About the Author
Angus Olsen is a Disney trained cartoonist and illustrator. Angus studied theology at Youthworks College and spends most of his time making coffee from his tiny cafe kiosk in Katoomba in the Blue Mountains, NSW. Follow Angus on Instagram: @cafexpresso_comics --This text refers to the paperback edition.
"Weird, Crude, Funny, and Nude: The Bible Exposed is a fantastic read that I highly recommend. Tom has taken some of the most absurd stories in the Bible that are so often overlooked and, whilst making you laugh, also delivers incredible truths about God, points you to Jesus, challenges you and leaves you feeling covered in God's grace. If you're not sure the Bible can be fun or relevant, grab this book with both hands and see where it takes you!"
- Ali Martin Soul Survivor UK and author of Getting it Across Loud and Clear and Heart to Heart
"Tom's genius lies in much more than just being able to pick out some parts of the Bible that are more exciting than a genealogy. The aim is not just that young people might read some funky parts of the Bible, but that they would read the Bible, hear the voice of God, come to faith in Jesus, and live transformed lives as members of God's kingdom."
- Rev. Dr Graham Stanton Ridley College, Melbourne--This text refers to the paperback edition.
- ASIN : B07CVGC6J3
- Publisher : Frendrussi Press (29 May 2018)
- Language : English
- File size : 3345 KB
- Simultaneous device usage : Unlimited
- Text-to-Speech : Enabled
- Screen Reader : Supported
- Enhanced typesetting : Enabled
- X-Ray : Not Enabled
- Word Wise : Enabled
- Print length : 252 pages
- Best Sellers Rank: 35,381 in Kindle Store (See Top 100 in Kindle Store)
- Customer Reviews:
But Tom’s genius lies in much more than just being able to pick out some parts of the Bible that are more exciting than a genealogy. The aim is not just that young people might read some funky parts of the Bible, but that they would read the Bible, hear the voice of God, come to faith in Jesus, and live transformed lives as members of God’s kingdom. Weird, Crude, Funny, & Nude is a demonstration of the truth of 2 Timothy 3:16. All scripture, including those parts that are weird, crude, funny, and involve nudity, is useful for teaching, correcting, rebuking, and training in righteousness. Tom ably demonstrates how these passages of the Bible teach us about Jesus, correct and rebuke our empty ways of living, and train us in righteous living, so that we would be equipped and ready for the good works that God calls his people to do.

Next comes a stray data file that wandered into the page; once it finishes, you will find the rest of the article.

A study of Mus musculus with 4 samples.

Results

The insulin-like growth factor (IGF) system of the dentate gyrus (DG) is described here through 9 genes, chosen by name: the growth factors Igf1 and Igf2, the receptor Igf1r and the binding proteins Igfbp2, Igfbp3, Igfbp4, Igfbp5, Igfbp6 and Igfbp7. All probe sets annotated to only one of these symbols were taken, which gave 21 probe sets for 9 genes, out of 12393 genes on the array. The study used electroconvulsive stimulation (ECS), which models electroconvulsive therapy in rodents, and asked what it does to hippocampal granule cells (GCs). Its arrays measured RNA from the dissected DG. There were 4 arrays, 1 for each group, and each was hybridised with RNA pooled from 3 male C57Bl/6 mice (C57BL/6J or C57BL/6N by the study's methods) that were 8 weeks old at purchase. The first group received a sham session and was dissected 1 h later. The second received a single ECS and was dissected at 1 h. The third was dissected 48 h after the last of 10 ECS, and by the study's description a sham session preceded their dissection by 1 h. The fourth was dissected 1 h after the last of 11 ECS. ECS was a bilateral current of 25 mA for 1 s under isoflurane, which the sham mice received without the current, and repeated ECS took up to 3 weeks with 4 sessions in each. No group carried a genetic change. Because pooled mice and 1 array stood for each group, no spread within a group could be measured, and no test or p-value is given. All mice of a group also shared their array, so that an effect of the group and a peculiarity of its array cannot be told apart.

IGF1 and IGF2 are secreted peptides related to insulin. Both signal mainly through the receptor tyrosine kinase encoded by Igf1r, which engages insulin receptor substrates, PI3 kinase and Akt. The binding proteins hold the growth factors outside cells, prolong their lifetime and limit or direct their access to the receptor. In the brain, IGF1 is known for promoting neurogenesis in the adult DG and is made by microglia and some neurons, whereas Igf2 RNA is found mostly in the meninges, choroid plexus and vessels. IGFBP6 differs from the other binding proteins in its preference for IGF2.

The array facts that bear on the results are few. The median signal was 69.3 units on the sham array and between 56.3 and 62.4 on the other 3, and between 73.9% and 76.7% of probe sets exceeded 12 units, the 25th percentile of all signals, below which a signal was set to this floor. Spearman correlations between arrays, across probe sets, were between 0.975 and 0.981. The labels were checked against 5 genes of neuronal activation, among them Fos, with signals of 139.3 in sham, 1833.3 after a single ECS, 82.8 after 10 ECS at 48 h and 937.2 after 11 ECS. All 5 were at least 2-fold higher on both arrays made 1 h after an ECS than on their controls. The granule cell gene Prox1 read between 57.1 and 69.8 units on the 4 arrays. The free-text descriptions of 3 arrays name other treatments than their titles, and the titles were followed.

Tom gets it. He gets what teenagers find interesting (particularly what teenage boys find interesting). He gets how to explain theological ideas in ways that teenagers will understand. He gets the issues that are important in teenage life and what the Bible has to say about them. He gets how to receive the Old Testament as Christian Scripture in light of the ministry of Jesus. He gets how the good news of the death and resurrection of Jesus changes everything.
This is a book that a lot of people should buy and read. If you’re a parent of teenagers and you’d like them to learn to love the Scriptures, love Jesus, and live lives of faith and faithfulness, then buy this book and leave it somewhere for them to find. If you’re a youth leader and you’re trying to learn how to communicate God’s word in ways that are engaging, relevant, and grounded in the gospel, then buy this book and learn from Tom’s example. If you really want to know where the only fart in the Bible is, then buy this book and turn to chapter 8.
Walter Brueggemann argues that the church engages with the Bible with a degree of “unguardedness”, particularly toward those texts that we find objectionable. “They are our texts and must be voiced”. Following the example in Weird, crude, funny, & nude difficult texts of the Bible can not only be voiced, but heard, understood, and embraced as useful.